The three-day battle at Gettysburg, Pa., which marks its 150th anniversary next week (July 1-3), was the bloodiest of the Civil War and often is referred to as the turning point in the conflict. But the surrender of Vicksburg, Miss., to Union forces the next day (July 4) actually had more immediate impact on both sides’ morale, and probably was more important in the long run, says Civil War historian Bruce Levine, the author most recently of “The Fall of the House of Dixie.” Neither Union victory should be defined as the turning point in the war, Levine says, since neither guaranteed or signaled the Union’s eventual victory. He spoke with News Bureau social sciences editor Craig Chamberlain.
Why was Gettysburg significant?
Gettysburg came at the end of Confederate Gen. Robert E. Lee’s most daring and potentially consequential raid into Union territory. Union victory there put an end to a string of battlefield defeats and thereby boosted Union morale considerably. It also cost the Confederacy thousands of casualties, including a third of Lee’s generals – losses that the South could afford far less than could the more populous Union. Those losses left Lee’s army unable ever again to mount strategic offensives. Thereafter, for military success he would have to depend entirely on inflicting heavy casualties on Union armies that attacked him.
Could the South have won the war by winning at Gettysburg?
Lee’s Army of Northern Virginia was not about to seize and hold any important strategic position in the Union and thereby “conquer” the North. But if it had managed at Gettysburg to severely cripple the Union’s biggest army (the Army of the Potomac), northern popular support for continuing the war would surely have plummeted. That, in turn, might have strengthened northern critics of Lincoln and the Union war effort in the fall of 1863. But whether that would have been enough to force the Union to sue for peace is another question.
Did the South lose the war at Gettysburg?
Many people today have an exaggerated notion of how much the Union victory at Gettysburg influenced the war’s outcome. They believe that Gettysburg, or Gettysburg plus Vicksburg, signaled the end – or at least heralded the certain doom – of the Confederacy. That’s not true. Far from ending in July 1863, after all, the war continued for almost two more very bloody years. Nor was the Confederate cause by any means hopeless after Gettysburg and Vicksburg. Southern armies could still hope to inflict enough pain and suffering on northern forces to break the spirit of the Union’s civilian population.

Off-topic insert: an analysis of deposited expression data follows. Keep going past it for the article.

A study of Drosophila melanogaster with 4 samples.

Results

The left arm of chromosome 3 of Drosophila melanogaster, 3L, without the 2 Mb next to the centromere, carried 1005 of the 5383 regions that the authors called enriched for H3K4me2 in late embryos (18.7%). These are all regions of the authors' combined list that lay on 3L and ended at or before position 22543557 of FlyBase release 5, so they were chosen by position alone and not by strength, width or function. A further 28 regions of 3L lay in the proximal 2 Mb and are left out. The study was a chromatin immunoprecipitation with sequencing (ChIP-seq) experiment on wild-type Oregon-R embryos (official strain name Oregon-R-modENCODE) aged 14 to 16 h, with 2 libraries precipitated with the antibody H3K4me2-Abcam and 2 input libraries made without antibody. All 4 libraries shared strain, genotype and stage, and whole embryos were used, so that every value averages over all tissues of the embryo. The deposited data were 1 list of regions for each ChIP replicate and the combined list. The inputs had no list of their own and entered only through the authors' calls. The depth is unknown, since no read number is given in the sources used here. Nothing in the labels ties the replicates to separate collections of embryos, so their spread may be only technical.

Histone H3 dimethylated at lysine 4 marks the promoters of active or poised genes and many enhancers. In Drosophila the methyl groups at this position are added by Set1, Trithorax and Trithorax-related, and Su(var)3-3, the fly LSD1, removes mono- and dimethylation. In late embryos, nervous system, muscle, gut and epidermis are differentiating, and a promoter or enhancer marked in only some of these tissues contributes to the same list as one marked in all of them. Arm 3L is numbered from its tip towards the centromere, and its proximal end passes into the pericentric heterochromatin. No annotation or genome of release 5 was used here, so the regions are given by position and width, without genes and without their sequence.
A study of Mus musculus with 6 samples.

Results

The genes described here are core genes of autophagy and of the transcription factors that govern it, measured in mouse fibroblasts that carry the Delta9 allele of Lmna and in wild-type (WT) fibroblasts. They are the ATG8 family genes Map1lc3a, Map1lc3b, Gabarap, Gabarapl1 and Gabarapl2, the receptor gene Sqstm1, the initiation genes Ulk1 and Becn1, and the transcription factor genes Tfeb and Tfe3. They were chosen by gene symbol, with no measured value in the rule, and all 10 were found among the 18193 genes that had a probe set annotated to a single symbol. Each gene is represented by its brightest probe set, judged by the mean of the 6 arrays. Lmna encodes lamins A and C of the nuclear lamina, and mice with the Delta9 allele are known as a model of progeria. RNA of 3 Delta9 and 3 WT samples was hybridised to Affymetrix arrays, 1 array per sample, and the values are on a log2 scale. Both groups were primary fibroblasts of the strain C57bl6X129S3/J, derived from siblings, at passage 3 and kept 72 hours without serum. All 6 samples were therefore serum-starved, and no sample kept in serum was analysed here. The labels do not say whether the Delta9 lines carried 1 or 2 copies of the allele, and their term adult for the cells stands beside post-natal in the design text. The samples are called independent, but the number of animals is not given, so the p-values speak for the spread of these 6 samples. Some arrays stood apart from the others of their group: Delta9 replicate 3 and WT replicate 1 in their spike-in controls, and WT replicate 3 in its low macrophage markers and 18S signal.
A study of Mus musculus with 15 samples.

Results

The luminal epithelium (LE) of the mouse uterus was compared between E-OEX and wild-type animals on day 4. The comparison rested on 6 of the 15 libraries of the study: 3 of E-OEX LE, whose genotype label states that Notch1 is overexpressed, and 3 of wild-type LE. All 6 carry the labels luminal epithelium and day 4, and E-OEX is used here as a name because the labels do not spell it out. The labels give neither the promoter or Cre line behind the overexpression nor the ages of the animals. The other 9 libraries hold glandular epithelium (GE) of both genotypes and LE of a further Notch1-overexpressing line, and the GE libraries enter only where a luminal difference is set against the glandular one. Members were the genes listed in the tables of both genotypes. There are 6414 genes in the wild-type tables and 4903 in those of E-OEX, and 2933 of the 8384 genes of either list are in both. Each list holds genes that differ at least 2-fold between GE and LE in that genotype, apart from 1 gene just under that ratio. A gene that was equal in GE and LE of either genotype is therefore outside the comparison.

In fact, a year after Gettysburg and Vicksburg, in the summer of 1864, it looked very much like the South had achieved that goal. The Union army under Grant and Meade, after absorbing huge casualties in Virginia, appeared stalled there. The progress of Sherman’s army in Georgia seemed very slow. Northern civilian confidence in its government fell, and Lincoln expected to lose the impending November 1864 presidential election. An electoral defeat on that scale, in turn, might well have dealt the Union’s war spirit a mortal blow.
Vicksburg was part of the war in the West (“the West” being defined as mostly east of the Mississippi and west of the Appalachians). It’s the war in the East, however, including Gettysburg, that gets most of our attention. So why do you think the Union victory at Vicksburg – and victory in the West overall – was ultimately more important?
The Confederacy’s loss of Vicksburg, and soon afterward Port Hudson farther south, finally placed the Mississippi River completely in Union hands. Militarily, that achievement sealed off Confederate Arkansas, Texas and western Louisiana and all Confederate forces stationed there from any further significant participation in the war. Along with the fact that the South lost an entire army with the surrender of Vicksburg, this allowed thousands of Union troops to fight elsewhere in the western war theater – and eventually further east, too.
The completion of the conquest of the big river also enabled the Union, which was by now committed to emancipation, to consolidate its control of the Mississippi valley. That very fertile valley contained many of the South’s biggest plantations and largest concentrations of slaves – so Union control there accelerated the collapse of slavery overall.
These Union successes in the West paved the way for winning the war in the East. By the late fall of 1863, Union forces had driven the South’s second biggest army, the Army of Tennessee, out of the western theater of war and during the next year pulverized it. That, in turn, allowed Sherman to conduct his famously destructive march – first through Georgia and then up into the Carolinas toward Virginia – virtually without opposition.
So victories over Confederate forces based in the western war theater allowed the Union in early 1865 to threaten Lee’s dwindling army at Petersburg and Richmond with overwhelming force, eventually compelling it to abandon those cities and then to surrender at Appomattox Court House, effectively ending the war.